Be Real: Ways to Boost Your Health with Food

Kids happy to return to in-person school


With the COVID-19 pandemic continuing to drag on, my family had to make some decisions. Would we continue to struggle with home-schooling and working from home under less than ideal conditions? Or would we allow our children to go back to in-person school?

It is a really difficult decision - just like so many decisions right now. My husband and I weighed the options for what seemed like months. And, we finally decided it was actually better for our kids and for us - both for our mental and physical health - to have the kids go back to in-person school.

We are about a week (or less) into the new routine, but so far it seems to be really helping everyone. For the kids, it is a return to some sense of normalcy. They are able to ask questions to the teacher better and get extra help. And, they are able to see and interact with other kids! This might be the hugest win for them because they have not been around other kids since last March!

For my husband and me, it has allowed us to breathe. And by that I mean, it has allowed us to stress just a little bit less about how we will manage all of our work - we both work full-time - and also it allows us to actually get back to just being parents and not also trying to be teachers (a role we have learned we aren't really qualified for).

So things are looking pretty great right now.

That being said, one thing I wanted to start to focus on now that we are all around other people more is working to help our bodies be the healthiest they can be. Being healthy and eating healthy foods not only makes you feel great, it can help ward off some sickness.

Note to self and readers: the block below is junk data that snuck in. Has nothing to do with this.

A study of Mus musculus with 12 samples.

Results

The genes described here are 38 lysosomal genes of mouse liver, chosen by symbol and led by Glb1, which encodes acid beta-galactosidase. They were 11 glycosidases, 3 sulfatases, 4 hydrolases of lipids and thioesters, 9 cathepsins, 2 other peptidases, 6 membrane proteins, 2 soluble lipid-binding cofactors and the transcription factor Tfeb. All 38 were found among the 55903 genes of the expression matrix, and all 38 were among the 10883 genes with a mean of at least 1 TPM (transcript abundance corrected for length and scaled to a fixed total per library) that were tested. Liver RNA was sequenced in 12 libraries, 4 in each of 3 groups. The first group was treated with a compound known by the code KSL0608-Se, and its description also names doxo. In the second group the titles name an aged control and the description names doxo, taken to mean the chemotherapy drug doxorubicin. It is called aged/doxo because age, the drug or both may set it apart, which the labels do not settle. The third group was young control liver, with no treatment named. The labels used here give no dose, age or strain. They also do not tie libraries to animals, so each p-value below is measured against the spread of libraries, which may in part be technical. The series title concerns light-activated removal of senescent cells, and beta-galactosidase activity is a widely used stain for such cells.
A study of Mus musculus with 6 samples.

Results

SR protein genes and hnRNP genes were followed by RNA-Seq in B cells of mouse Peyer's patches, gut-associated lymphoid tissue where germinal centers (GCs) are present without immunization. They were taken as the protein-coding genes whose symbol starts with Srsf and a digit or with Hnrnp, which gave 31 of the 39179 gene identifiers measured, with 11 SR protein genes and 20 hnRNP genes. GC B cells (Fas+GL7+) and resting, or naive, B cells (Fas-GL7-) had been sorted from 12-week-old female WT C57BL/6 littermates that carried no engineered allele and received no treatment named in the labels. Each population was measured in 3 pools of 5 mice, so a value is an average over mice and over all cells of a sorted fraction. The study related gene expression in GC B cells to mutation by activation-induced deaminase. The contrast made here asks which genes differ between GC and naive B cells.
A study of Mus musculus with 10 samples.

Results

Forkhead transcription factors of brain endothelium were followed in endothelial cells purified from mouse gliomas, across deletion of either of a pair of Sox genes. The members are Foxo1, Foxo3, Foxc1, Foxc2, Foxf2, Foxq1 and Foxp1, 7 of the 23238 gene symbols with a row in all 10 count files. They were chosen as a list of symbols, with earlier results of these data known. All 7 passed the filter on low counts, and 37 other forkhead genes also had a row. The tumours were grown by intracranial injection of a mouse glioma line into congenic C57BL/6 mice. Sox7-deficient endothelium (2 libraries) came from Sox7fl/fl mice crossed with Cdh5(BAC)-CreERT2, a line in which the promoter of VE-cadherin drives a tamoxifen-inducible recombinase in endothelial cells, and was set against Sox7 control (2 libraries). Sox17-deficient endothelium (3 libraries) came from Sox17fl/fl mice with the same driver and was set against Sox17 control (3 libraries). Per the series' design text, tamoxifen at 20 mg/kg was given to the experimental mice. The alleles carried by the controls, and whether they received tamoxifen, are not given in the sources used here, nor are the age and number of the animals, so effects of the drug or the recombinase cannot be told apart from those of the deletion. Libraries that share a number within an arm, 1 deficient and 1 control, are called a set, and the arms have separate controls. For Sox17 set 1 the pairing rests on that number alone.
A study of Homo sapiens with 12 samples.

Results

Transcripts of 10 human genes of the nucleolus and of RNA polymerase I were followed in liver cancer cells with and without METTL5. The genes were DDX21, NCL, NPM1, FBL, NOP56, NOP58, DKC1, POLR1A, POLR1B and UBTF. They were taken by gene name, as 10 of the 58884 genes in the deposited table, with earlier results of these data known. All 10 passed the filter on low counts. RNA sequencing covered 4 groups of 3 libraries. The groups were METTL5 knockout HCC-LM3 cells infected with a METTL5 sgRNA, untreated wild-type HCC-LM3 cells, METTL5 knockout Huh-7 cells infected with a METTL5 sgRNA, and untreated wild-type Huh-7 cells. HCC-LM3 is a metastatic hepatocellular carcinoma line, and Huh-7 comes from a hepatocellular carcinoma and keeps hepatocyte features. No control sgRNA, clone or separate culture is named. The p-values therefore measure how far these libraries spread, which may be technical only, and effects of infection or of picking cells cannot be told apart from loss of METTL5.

Here are some of the healthiest foods you can eat (research source: Dr. William Li)


Healthy Foods for Your Immune System

# 1: Mushrooms and Broccoli - These vegetables are a respiratory power duo. Mushrooms increase the secretion of an antibody called IgA, present in your mucous membranes and saliva. It’s an important first line of defense against any invader. Broccoli and broccoli sprouts are another booster because they contain sulforaphane, a sulfur-based nutrient that neutralizes toxins and helps decrease inflammation.

# 2: Eat A Cup of Blueberries per Day - Blueberries are full of antioxidants that enhance your immune system. A study by the Applied Physiology, Nutrition, and Metabolism in Canada in 2011 found blueberries can increase the number of natural killer cells, which are critical to immune responses that eliminate virus-infected cells or tumor cells. In the study, participants had a little less than two cups of blueberries per day for six weeks, and about three cups given an hour prior to two and a half hours of running on a treadmill. The blueberries doubled the number of natural killer cells they had in their bloodstream. They can also help our immune system develop learned responses to foreign invaders. Besides being delicious, they make a great additive to breakfast meals and can be a healthy snack.  

# 3: Enjoy A Glass of Black or Green Tea - Tea has been shown to improve our gut microbiome. A June 2020 study conducted by the School of Basic Sciences, Indian Institute of Technology Bhubaneswar in India found that people who drink green or black tea have more healthy bacteria in their guts. A balanced microbiome is crucial for your overall health. Make it a goal to have a cup of tea per day.  

# 4: Help Yourself to A Handful of Nuts - Nuts are a healthy source of fiber, protein, and fat. I recommend mixing it up with a handful of almonds, walnuts, hazelnuts, cashews, or pecans daily. Nuts contain Omega-3s and others are rich in healthy fiber, which feeds your gut microbiome. When shopping, look for unsalted or lightly salted varieties. Salted nuts can have upward of 200 milligrams of sodium per ounce and lightly salted nuts contain about 45 to 95 milligrams.  

# 5: Have A Serving of Leafy Greens - Leafy greens like arugula, kale, and spinach contain nitrates, which convert to nitric oxide, the molecule naturally produced by your body responsible for promoting proper blood flow. When you chew spinach, the microbiome of your tongue actually converts the nitrates in that spinach that comes from the soil, into a form that your stomach can digest, and turns it into nitric oxide, which then goes into your bloodstream. Boosting your nitric oxide level helps to lower your blood pressure and improve your brain function.


Rachel Swick Mavity

Rachel Swick Mavity

Rachel Swick Mavity, MS, is the Digital Content Coordinator for Beebe Healthcare and is a freelance writer. She lives in Milford with her husband and two children. Her passions include storytelling, photography, healthy products, and coffee.